Commonly you will hear of great parents that tell their kids: “You can do anything you put your mind to.”

And I feel really blessed because I am the product of two parents who repeatedly told me that over the course of my life. However, I feel maybe just one step ahead because not only did my parents verbally say those words – my mum proved it.

My parents divorced when I was 2 years old. I have never harboured resentment about this fact – it was always just the way it is. I was raised, with my little brother, primarily by my mum in Saskatoon and we would see dad on major holidays and breaks from school as he lived in Alberta.

[I want to preface before I begin, in case I accidentally imply otherwise, that my dad is and always has been a huge part of my life – even if he physically was not always able to be. My dad has shaped much of my moral system, my beliefs and my ambition. He’s both appealed to and likely instilled the systematic logic I have, as well as emphasized the importance of honesty, hard work and pursuing that which is important to you.]

Over the course of my life my mum has never made a ton of money – quite the opposite in fact. She didn’t have a secondary education so the employment opportunities were modest. It was only as an adult that I have come to realize how empty our fridge was growing up (but I never starved!) – and I never knew how financially challenged we were. I was aware of not having indulgent things that some of my friends had (trips to Disneyland or Mexico etc) but I usually didn’t think twice about it.

As an adult, I am much more aware of my mum’s life: her childhood, her past and the things she’s gone through; and it’s really amazing to me that these truly awful experiences she had and overcame never identified her. I didn’t even know about most of them until I was quite a bit older. If she struggled (and I’m sure she did) – she never let me or my brother know. I don’t recall my mum ever venting about how hard it was, blaming anyone or ever even being negative in general. She always just made it work.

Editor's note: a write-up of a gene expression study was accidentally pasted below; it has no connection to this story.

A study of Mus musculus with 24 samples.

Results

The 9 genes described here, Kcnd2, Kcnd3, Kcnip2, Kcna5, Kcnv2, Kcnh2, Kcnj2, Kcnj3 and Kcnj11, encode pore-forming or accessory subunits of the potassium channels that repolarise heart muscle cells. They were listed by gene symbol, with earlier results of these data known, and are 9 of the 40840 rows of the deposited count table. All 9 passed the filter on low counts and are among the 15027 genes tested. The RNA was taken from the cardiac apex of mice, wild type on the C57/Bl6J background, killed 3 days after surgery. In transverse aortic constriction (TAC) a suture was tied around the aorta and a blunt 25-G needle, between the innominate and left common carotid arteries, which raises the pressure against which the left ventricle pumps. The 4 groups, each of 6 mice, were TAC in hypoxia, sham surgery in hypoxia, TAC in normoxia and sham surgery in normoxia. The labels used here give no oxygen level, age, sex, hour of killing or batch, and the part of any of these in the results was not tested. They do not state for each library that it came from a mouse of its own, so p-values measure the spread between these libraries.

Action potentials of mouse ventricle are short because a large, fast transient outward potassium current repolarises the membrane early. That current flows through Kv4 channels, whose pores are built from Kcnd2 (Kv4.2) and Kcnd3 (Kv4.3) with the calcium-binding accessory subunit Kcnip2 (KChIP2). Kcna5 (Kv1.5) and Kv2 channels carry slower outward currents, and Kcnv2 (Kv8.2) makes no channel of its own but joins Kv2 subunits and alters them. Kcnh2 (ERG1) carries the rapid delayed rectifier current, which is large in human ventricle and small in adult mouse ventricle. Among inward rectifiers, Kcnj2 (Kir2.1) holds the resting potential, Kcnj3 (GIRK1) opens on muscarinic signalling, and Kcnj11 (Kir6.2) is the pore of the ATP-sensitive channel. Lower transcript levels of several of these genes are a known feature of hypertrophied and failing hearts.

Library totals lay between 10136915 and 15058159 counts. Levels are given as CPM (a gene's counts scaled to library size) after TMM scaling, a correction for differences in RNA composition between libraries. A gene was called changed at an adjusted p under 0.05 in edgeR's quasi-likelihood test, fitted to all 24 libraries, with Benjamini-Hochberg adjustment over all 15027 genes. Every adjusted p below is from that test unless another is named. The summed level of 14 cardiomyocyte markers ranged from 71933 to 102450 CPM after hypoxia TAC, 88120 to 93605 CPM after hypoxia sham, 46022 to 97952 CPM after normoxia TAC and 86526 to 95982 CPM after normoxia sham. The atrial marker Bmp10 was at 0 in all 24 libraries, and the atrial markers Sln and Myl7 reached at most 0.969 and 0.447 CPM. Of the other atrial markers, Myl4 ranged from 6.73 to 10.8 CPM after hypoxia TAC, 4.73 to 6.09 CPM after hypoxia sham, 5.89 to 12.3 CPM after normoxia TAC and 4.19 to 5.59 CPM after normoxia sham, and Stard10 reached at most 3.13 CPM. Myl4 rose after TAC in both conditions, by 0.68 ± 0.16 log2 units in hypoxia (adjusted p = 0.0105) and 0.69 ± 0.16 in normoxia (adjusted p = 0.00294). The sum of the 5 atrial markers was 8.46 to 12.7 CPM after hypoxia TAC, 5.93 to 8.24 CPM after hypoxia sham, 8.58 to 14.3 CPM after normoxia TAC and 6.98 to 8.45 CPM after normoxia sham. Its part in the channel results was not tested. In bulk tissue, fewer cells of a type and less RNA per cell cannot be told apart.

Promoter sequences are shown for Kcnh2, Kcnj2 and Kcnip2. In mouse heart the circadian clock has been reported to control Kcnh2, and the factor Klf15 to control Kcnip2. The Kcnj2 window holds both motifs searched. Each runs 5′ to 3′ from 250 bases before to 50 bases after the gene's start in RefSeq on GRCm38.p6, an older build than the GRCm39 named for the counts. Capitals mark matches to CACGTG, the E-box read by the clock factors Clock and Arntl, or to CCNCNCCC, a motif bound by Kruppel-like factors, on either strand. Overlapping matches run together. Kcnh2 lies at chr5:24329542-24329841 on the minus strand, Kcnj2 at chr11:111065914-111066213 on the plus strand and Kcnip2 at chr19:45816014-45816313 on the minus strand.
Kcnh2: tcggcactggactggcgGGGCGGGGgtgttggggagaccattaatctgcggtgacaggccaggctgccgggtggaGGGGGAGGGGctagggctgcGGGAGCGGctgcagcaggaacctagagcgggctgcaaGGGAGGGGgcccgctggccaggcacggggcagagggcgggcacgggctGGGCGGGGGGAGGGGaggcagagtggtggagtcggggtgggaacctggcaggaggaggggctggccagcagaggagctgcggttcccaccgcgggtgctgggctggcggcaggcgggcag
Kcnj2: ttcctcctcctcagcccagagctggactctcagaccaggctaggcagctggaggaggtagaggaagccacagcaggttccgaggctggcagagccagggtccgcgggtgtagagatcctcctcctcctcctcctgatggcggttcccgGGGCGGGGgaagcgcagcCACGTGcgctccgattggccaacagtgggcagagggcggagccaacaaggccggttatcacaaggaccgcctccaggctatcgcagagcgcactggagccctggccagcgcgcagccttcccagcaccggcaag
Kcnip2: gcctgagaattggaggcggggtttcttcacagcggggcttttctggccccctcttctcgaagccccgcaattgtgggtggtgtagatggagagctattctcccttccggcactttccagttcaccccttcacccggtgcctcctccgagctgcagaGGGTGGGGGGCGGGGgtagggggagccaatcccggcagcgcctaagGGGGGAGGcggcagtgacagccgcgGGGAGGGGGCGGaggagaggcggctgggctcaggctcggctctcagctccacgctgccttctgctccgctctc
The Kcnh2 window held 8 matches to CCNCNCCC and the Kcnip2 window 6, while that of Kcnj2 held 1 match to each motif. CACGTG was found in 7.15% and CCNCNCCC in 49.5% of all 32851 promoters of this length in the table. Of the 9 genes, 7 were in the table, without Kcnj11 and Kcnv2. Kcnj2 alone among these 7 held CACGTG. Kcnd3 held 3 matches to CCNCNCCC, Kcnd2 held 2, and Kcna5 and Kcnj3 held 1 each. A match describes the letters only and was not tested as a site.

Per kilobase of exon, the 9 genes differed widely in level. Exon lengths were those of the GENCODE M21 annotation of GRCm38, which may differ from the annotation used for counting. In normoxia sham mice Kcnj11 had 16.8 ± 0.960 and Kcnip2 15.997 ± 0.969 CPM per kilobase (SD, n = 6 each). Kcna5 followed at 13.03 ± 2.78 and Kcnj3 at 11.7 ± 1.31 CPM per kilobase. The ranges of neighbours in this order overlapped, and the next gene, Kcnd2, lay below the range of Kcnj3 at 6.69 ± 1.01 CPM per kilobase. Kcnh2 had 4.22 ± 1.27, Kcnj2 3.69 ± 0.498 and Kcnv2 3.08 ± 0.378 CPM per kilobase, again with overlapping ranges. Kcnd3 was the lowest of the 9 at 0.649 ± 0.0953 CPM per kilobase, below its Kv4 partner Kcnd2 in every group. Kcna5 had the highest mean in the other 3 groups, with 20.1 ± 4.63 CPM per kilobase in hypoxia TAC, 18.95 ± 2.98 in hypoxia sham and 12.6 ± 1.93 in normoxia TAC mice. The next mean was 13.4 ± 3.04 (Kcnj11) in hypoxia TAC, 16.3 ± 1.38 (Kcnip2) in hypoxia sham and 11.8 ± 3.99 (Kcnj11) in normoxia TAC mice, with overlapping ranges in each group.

I don’t know how she did it, but my mum raised two kids on a very low income. Somehow, she managed to not only qualify for a mortgage, but to sustain it and keep up with the cost of maintaining a home. And probably the most amazing piece: she decided to go to university (when I was about 10 years old – and she was 32). Can we consider for a small moment how incredible that is? Firstly, it was considerably less common at that time for adults to go to university. Not to mention a single parent with two kids, single (low) income and primary custody. She somehow had to work, pay the bills, go to school, do homework, raise us and still have somewhat of a social life. (I’m certain the latter suffered the most)

My mum did what many people would say is impossible. She didn’t make excuses – there was no such thing as “I can’t afford it.” “I don’t have time.” “It’s too hard.” – even though these would’ve all been very valid. The way I see it: my mum saw a crossroads. You can continue to have a mediocre life. Or you can buckle down for a few years, take some shit head on – and have a great one. She sacrificed so much and those sacrifices taught me something that I am SO grateful to know: Life is worth it. A good life is worth the struggle, worth the hurt, worth the challenge. That though it may be simpler, easier, to live in mediocrity – with what is good enough – it is ultimately more gratifying and more worthwhile to live to your fullest potential.

And she has. My mum has a Bachelor’s Degree in Marketing, a Master’s Degree in Agriculture and Economics, as well as her PHD. She’s been published multiple times in text books, magazines and online articles. She is well respected in her field. She’s innovative, intelligent, funny and is committed to helping the everyman by overturning the spread of misinformation. And the coolest part of all of this: my mum is a GREAT mum. She managed to be this amazing person, in her own right – and yet always, always put Hayden and I first. I know I can count on my mum for absolutely anything, at any time.

So, in light of it being the most famous day of extending thanks: Thank you to my parents who created the environment that supported the growth of my strong sense of self. Who have supported me when I have made decisions (the good, the bad and the ugly) – who have always let me have the freedom to make mistakes, and whom I have always known would be there for me when I figured it out.

And thank you mum – for not just telling me – but showing me that you can do absolutely. F**king. Anything.